When Drywood Termites Infest Your Furniture
Hey, wait a second! That's MY armchair! -- Here's what you can do to reclaim your recliner when Drywood Termites or other wood-destroying insects take over the sitting room.
How Did They Get There?
Since non subterranean wood destroyers like drywood and dampwood termites and powder post beetles are able to live above the ground without ever having contact with the soil, these unpleasant pests often hitch a ride on infested furniture or other wooden objects to geographic areas where they would not generally be found.
True to its name, the Drywood termite prefers to live in dry, non-decaying wood. Further, Drywood termites do not require an excessive moisture content to survive as do their subterranean cousins, making it more likely that drywoods (and not subterraneans)will be the type to infest your indoor furniture.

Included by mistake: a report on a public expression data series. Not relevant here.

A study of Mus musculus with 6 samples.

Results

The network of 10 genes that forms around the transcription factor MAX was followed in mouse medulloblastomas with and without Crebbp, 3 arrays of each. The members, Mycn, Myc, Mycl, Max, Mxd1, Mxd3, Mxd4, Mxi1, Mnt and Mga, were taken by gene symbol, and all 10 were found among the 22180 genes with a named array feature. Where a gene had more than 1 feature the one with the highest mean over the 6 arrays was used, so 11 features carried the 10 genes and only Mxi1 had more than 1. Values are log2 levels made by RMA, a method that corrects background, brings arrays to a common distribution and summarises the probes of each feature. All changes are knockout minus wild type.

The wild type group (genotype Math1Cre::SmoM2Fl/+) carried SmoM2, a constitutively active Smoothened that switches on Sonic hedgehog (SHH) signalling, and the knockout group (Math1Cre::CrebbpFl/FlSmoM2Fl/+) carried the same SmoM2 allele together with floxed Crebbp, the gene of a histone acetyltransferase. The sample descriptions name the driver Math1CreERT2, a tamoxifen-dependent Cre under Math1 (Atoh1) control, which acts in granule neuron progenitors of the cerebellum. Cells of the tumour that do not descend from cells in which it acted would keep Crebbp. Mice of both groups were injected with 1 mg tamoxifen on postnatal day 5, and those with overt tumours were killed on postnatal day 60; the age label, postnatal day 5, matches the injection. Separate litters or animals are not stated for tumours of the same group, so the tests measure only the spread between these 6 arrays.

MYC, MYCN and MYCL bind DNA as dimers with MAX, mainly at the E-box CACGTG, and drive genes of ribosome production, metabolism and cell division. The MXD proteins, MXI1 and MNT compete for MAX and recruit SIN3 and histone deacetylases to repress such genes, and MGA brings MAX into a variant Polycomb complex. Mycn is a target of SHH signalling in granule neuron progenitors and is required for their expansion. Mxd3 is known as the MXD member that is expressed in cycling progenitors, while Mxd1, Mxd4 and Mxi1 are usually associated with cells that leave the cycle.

Signs of Infested Furniture
One tell-tale sign of Drywood Termite infestation are piles of tiny, light- to golden-brown colored fecal pellets either inside or under the infested furniture. These pellets fall directly from entrance holes to galleries in the surface of the infested piece of wood. You can recognize Drywood Termite feces by its elongated shape rounded on either side, and its six flattened surfaces all around.
See the middle of our main termites page for more signs of termites.
How To Treat the Infested Furniture
You will have great success using a wood insecticide and preservative such as Boracare or Timbor. If the furniture is painted, sealed, or varnished, it will need to be stripped bare before using these products. The chemical that you choose should be sprayed directly to the infested surface and allowed to penetrate the wood. (Always read the product label for specific instrution before application). The treatment should kill all active termites or beetles and last the life of the wood.
A wood preservative for the protection and treatment of lumber against fungal decay and wood destroying insects.